CUNA letter outlines risk-based capital concerns

July 16, 2018

CUNA Monday sent a letter to the House subcommittee on Financial Institutions and Consumer Credit regarding the subcommittee’s hearing upcoming on, “Examining Capital Regimes for Financial Institutions.” 

In the letter CUNA suggested there are two steps Congress should consider with respect to credit unions’ capital regime: delaying the implementation of the NCUA’s recently finalized risk-based capital rule and enacting legislation that permit all credit unions to issue supplemental capital instruments. 

“Credit unions are subject to statutory and regulatory capital requirements, including Tier I leverage ratio that is hardwired into statute and a risk-based capital requirement,” the letter reads.  

“These requirements differ from requirements on for-profit financial institutions in recognition of the structural dissimilarities between credit unions and banks,” the letter adds. “Nevertheless, capital is king for all financial institutions and it is essential that credit unions’ capital regime is modernized to ensure credit unions remain safe and sound, and can grow to serve their members and communities.” 

In the letter, CUNA said credit unions have a concern with the new risk-based capital standards for determining whether credit union are well-capitalized. The Federal Credit Union Act permits the NCUA to impose a risk-based standard to determine capital adequacy only.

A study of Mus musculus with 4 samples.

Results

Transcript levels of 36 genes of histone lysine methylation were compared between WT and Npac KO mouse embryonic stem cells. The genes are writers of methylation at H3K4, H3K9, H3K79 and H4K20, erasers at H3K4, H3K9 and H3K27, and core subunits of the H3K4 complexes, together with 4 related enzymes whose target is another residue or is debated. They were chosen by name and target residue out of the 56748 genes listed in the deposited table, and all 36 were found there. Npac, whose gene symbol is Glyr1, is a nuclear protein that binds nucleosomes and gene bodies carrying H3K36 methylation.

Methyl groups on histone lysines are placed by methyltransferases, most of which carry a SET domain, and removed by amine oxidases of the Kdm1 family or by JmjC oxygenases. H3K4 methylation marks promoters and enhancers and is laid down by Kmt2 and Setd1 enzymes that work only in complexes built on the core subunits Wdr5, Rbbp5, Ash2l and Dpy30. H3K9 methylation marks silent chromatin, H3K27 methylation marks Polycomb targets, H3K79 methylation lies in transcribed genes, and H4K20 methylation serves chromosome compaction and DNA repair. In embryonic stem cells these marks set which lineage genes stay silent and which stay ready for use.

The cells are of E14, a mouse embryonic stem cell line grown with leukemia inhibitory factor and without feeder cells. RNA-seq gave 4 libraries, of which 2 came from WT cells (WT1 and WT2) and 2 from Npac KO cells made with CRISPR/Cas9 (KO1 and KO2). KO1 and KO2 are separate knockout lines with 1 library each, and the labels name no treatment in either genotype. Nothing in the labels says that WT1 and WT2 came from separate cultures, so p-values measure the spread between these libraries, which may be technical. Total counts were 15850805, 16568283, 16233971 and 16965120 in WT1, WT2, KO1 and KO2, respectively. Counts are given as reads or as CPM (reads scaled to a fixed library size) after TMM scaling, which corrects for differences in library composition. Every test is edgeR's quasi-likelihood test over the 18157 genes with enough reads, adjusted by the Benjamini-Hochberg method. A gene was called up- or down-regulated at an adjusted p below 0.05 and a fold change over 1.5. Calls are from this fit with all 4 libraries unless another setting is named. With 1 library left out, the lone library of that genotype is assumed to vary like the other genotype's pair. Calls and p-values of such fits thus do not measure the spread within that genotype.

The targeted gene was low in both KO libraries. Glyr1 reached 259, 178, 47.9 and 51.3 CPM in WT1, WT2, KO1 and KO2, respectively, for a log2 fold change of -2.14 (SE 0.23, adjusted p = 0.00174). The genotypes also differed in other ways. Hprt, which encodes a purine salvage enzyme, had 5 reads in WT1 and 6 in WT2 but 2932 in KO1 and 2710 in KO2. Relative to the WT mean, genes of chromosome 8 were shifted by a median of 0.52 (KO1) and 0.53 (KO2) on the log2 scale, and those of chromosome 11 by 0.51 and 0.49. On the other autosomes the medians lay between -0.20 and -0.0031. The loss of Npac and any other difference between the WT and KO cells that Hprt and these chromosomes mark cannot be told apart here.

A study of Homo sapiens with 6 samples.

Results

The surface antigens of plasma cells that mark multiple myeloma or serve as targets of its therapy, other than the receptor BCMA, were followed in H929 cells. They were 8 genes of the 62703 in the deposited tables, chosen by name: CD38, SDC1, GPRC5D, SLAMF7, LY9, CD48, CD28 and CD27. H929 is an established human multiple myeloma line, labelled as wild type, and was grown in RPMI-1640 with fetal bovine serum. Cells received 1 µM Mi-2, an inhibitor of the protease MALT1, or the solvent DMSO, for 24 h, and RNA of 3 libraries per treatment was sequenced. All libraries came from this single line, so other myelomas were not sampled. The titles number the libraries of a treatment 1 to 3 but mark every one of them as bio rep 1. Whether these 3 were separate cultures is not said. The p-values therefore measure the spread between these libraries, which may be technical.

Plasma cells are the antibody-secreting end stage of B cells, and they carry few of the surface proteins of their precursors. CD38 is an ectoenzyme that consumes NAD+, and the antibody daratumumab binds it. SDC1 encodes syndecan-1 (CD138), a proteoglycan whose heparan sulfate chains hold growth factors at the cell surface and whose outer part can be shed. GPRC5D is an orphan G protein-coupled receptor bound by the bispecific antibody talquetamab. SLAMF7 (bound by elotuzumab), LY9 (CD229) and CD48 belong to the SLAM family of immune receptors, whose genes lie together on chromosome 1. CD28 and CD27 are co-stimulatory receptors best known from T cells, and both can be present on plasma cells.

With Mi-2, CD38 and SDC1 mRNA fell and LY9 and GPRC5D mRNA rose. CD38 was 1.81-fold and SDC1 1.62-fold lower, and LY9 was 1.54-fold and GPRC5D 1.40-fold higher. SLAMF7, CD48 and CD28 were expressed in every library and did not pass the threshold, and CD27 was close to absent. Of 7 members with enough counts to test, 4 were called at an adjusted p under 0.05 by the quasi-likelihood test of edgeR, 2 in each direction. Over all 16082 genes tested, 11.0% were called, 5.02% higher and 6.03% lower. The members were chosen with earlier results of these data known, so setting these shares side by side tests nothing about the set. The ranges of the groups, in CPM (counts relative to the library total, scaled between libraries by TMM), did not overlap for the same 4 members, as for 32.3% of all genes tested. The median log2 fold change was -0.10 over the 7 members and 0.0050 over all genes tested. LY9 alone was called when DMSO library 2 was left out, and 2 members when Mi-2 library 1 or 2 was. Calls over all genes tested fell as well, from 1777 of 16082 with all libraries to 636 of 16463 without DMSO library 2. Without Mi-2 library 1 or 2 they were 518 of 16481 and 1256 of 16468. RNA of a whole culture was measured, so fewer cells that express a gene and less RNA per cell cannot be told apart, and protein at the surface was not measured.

CUNA said it is also concerned with the additional regulatory burden with the risk-based standards, as well as their costs. “Our analysis shows that it would have done very little to reduce costs to the National Credit Union Share Insurance Fund (NCUSIF) had it been in effect during the most recent financial crisis,” the letter reads. 

There is also pending legislation that would help provide credit unions with access to capital. H.R 1244, the Capital Access for Small Business and Jobs Act, introduced by Reps. Peter King (R-NY) and Brad Sherman (D-Calif.), would allow credit unions to accept other forms of capital, provided that capital does not disrupt the cooperative ownership structure of the credit unions. The legislation requires that this capital be uninsured and subordinate to other claims against the credit union.